Skies By Africa

Images of the Heavens By Eric Africa

IC 1396

IC 1396
Hubble Mono H-alpha
IC 1396 is a large emission nebula in the constellation of Cepheus (The King). This object is 3 degrees, or 6 full moons, wide! Since it is estimated to be 3,000 light years away, that makes this cloud hundreds of light-years wide! The huge nebulosity is very faint, but the star clusters associated with it are pretty bright and can be seen with the naked eye in a dark site far from big cities. This object contains not just huge clouds of glowing ionized gases, but also dark dust clouds sculpted into interesting comet-like shapes by the intense stellar winds and radiation from the stars embedded within.

IC 1396 first came to my attention as a large object in an inexpensive version of TheSky that came with one of my telescope purchases back in 2000. I was intrigued by the enormity of this object and gave my 8" GOTO scope the command to aim at the target. As would be expected, I saw no sign of its nebulosity, but I did see some of the star clusters associated with it.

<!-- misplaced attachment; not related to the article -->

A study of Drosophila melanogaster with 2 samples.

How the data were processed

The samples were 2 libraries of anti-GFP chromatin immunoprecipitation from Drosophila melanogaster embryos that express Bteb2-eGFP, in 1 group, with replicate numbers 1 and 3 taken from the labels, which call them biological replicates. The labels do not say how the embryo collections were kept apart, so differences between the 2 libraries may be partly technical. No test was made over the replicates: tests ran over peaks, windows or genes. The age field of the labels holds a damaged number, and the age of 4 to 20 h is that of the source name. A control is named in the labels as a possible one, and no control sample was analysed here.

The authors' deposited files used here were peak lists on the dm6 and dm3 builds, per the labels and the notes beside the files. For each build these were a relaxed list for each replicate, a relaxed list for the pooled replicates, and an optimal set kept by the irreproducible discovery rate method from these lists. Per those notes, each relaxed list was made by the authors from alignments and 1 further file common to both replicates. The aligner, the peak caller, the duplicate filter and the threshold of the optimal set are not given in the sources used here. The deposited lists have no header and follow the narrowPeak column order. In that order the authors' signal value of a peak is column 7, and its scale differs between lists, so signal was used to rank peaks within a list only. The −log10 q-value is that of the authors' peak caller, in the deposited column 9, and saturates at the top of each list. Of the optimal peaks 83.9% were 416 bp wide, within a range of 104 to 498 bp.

Constellation: Cepheus
When Visible: August - January
Distance: 3,000 Light-years
Date: July - August 2007
Location: West Chester, Ohio
Exposure Details:
H-alpha: 14 x 30 minutes Binned 1x1 (mapped to Green in Hubble Palette)
SII: 20 x 30 minutes Binned 1x1 (mapped to Red in Hubble Palette)
OIII: 19 x 30 minutes Binned 1x1 (mapped to Blue in Hubble Palette)
Equipment Used: Takahashi FSQ-106N on a Takahashi EM200 Temma-PC mount. SBIG STL-6303 camera with 8-position filter wheel and Astrodon narrowband filters. Externally guided with an SBIG Remote Guide Head on a Borg 45ED refractor.
Acquisition Software : MaximDL, TheSky6, CCDAutopilot
Processing Software: MaximDL, Photoshop CS, IrFanView
Older version: 2005 Version of "Elephant Trunk Nebula" region. Takahashi FS-102 on a Takahashi EM200 Temma-2 Mount. SBIG ST-8XE with Custom-Scientific H-alpha Filter.